There is a love affair with the barbell bench press. The exercise elicits a level of excitement second to none. The “how much can you bench” question has been around for all time, it seems. But unless you’re a powerlifter, why does it matter? Aside from that sport, it’s just another exercise used to get stronger in the muscles it activates. Whatever.
But what if there’s more to bench pressing than the age-old bro science? And what if taking a negative attitude regarding this move is actually the most productive way to go? Let’s take a closer look at some new research on this classic movement.
The Biomechanics of Benching
A 2015 study published in the Journal of Strength and Conditioning Research compared concentric and eccentric repetitions to volitional muscle fatigue in the bench press. Reps were performed while the barbell was pressed upward-only (concentric) and then downward-only (eccentric). Both tests were performed to volitional muscle fatigue (VMF).
Eccentric muscle action entails muscle lengthening. In the barbell bench press, this would mean lowering the resistance from complete arm extension and bending the arms as the bar lowers to the chest. Believe it or not, all other factors being equal, the muscles involved in the bench press are stronger in the eccentric phase than when compared to the concentric, or raising, phase. In other words, you can lower “X” amount of resistance better than raising the same amount of resistance.
“The number of repetitions performed with 90% of a 1RM in the eccentric mode was significantly greater when compared to concentric (7.67 versus 4.57 reps).”
The underlying factors of concentric versus eccentric contraction get mechanical. These factors relate to the finer details involving the cross bridging of actin and myosin filaments within the muscle fiber-myofibril-sarcomere complexes. That is beyond the scope of this study and another discussion.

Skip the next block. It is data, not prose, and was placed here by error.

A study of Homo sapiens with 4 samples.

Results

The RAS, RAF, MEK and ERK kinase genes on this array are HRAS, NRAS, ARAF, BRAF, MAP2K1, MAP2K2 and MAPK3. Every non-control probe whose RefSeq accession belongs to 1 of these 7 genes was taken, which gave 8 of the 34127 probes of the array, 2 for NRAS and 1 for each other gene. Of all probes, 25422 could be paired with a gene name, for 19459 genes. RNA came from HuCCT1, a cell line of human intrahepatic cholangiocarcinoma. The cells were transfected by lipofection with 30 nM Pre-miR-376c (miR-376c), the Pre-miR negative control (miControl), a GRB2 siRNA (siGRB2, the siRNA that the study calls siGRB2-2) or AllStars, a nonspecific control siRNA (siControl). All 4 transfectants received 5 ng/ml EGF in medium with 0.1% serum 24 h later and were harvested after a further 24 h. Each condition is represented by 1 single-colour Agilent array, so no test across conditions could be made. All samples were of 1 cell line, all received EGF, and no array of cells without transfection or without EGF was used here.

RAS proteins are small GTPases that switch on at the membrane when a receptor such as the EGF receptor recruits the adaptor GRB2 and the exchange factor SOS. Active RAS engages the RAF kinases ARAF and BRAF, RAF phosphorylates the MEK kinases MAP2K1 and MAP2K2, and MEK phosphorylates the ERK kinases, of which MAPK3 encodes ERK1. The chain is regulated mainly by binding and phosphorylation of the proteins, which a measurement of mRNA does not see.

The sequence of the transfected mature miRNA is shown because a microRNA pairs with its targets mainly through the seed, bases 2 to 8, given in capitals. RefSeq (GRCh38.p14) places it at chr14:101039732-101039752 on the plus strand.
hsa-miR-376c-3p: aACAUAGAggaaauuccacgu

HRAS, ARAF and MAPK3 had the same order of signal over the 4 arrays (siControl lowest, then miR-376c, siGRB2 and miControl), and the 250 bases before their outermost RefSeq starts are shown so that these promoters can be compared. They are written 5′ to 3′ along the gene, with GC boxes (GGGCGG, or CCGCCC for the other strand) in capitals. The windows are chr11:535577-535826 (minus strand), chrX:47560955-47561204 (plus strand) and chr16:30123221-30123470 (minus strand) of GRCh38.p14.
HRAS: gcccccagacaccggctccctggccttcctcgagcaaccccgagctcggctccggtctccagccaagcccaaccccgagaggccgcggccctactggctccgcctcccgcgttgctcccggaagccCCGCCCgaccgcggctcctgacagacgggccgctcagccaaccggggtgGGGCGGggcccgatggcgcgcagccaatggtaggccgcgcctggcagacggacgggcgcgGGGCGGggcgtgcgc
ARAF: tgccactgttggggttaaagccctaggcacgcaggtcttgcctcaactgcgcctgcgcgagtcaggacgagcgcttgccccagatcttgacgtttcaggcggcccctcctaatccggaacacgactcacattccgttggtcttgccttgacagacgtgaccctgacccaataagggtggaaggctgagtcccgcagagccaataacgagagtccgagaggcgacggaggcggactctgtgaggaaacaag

Testing the Bench Press
All technical science aside, this study aimed to determine two things:
- Relative to a 1RM, does eccentric (lowering-only) bench pressing result in greater strength improvements as compared to the concentric (raising-only) action?
- Also examined were the differences in the number of reps to failure at different relative percentages of a 1RM.
The subjects used in the study were healthy men of an average age of 24 years. They tested for a 1RM in both the concentric and eccentric phases of the bench press. They also tested for the maximum number of reps they could perform with 60%, 70%, 80%, and 90% of their 1RM.
In the concentric test, the resistance was mechanically lowered to the chest. The subjects then pressed the resistance to full-arm extension. It was then mechanically lowered and repeated. In the eccentric test, the resistance on the barbell was lowered from full-arm extension to the chest in a controlled manner for three seconds (:03). It was then mechanically raised to full-arm extension and repeated.
- The eccentric (lowering) 1RM average of 255lb/116kg was significantly greater than the concentric (raising) 1RM average of 206lb/94kg.
- The number of repetitions performed with 90% of a 1RM in the eccentric mode was significantly greater when compared to concentric (7.67 versus 4.57 reps).
- No significant differences resulted in the number of repetitions completed when bench pressing 60%, 70%, and 80% of the 1RM.
“[A]ll other factors being equal, the muscles involved in the bench press are stronger in the eccentric phase than when compared to the concentric.”
What can be gleaned from this study?
- Eccentric (lowering) work results in increased force-output potential
- Eccentric bench pressing creates less fatigue compared with concentric-only work, particularly at higher intensities.
Therefore, if you are into bench pressing, do your regular routine but consider the following:
- Include negative-only barbell bench workouts provided you have a competent spotter.
- You can also perform negative-only work on any plate-loading or selectorized chest press machine, assuming again you have a competent spotter.
- Eccentric-only work may take longer to recover from. Plan your workouts accordingly.
Check out these related articles:
- The Bench Press Is a Pull: 5 Cues You Might Be Missing
- I Got 99 Problems But the Bench Ain’t One
- The RAIL System: Shoulder Mobility for the Bench Press
- What’s New On Breaking Muscle Today
1. Kelly, S., Brown, L., Hooker, S., Swan, P., Buman, M., Alvar, B., and L. Black, Comparison of Concentric and Eccentric Bench Press Repetitions to Failure. Journal of Strength and Conditioning Research, 2015, 29: 4, pp. 1027–1032.